The SF SPCA advocates for a ban on the use of animals to test cosmetics and household products. Acceptable, effective alternatives are available to ensure that products are safe, includingi:
Companies such as the BodyShop and Avon successfully develop and market products without animal testing and the European Union has already put a ban on testing in place.
It is difficult to estimate the number of animals used to test cosmetics and household products. However, the EU (which has a similar sized economy) used approximately 6,000 in 2005 for cosmetics aloneii.
Public backlash has caused most cosmetics and other manufacturers to claim that their products are not tested on animals. Despite this pressure, testing still occurs. Individual ingredients or finished products are often tested on rabbits, guinea pigs, mice, rats and other animals. The so-called Draize Test, devised in 1944 by U.S. Food and Drug Administration (FDA) toxicologist John H. Draize to evaluate the risks of normal short-term exposure to new cosmetics and other personal care products, is still used today by some companies. Describes Scientific American, “The test involves applying a small amount of the substance under study to an animal’s eye or skin for several hours, and then observing whether or not irritation occurs over the following week or two. In most cases the animal subjects—usually albino rabbits bred for the lab—are put to death after the sometimes maiming and often painful test.”iii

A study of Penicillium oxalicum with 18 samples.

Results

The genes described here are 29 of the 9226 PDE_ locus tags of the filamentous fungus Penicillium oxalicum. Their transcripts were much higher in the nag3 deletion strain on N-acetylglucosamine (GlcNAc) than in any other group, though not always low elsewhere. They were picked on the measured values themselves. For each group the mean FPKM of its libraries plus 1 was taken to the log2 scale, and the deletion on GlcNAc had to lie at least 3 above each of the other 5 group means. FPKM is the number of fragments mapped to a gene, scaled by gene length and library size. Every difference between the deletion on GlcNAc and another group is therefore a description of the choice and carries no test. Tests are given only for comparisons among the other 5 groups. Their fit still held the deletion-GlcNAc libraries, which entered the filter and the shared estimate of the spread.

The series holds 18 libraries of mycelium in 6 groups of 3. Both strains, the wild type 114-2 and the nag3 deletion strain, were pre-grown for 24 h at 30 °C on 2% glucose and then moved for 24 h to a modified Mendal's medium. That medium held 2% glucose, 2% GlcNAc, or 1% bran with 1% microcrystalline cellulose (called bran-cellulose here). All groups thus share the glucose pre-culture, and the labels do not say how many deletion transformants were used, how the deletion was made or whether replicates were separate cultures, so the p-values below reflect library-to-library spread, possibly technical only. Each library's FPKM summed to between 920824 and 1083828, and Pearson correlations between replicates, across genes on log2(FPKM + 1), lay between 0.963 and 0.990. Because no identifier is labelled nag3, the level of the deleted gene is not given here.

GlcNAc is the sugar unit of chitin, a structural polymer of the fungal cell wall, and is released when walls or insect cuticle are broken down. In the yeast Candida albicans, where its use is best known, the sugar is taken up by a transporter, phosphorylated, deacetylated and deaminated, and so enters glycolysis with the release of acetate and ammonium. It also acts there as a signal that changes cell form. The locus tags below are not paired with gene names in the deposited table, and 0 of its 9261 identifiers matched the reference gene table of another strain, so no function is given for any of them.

Testing of cosmetics on animals is banned in the United Kingdom, Belgium and the Netherlands. The European Union is currently phasing in a near-total ban on the sale of animal-tested cosmetics and has banned the testing of cosmetics on animals, though France (home to some of the world’s largest cosmetics companies) is challenging the law in the courts.
In the United States, there are no laws protecting animals from cosmetics testing. On the contrary, stringent consumer protection laws often force companies to do animal testing to avoid liability.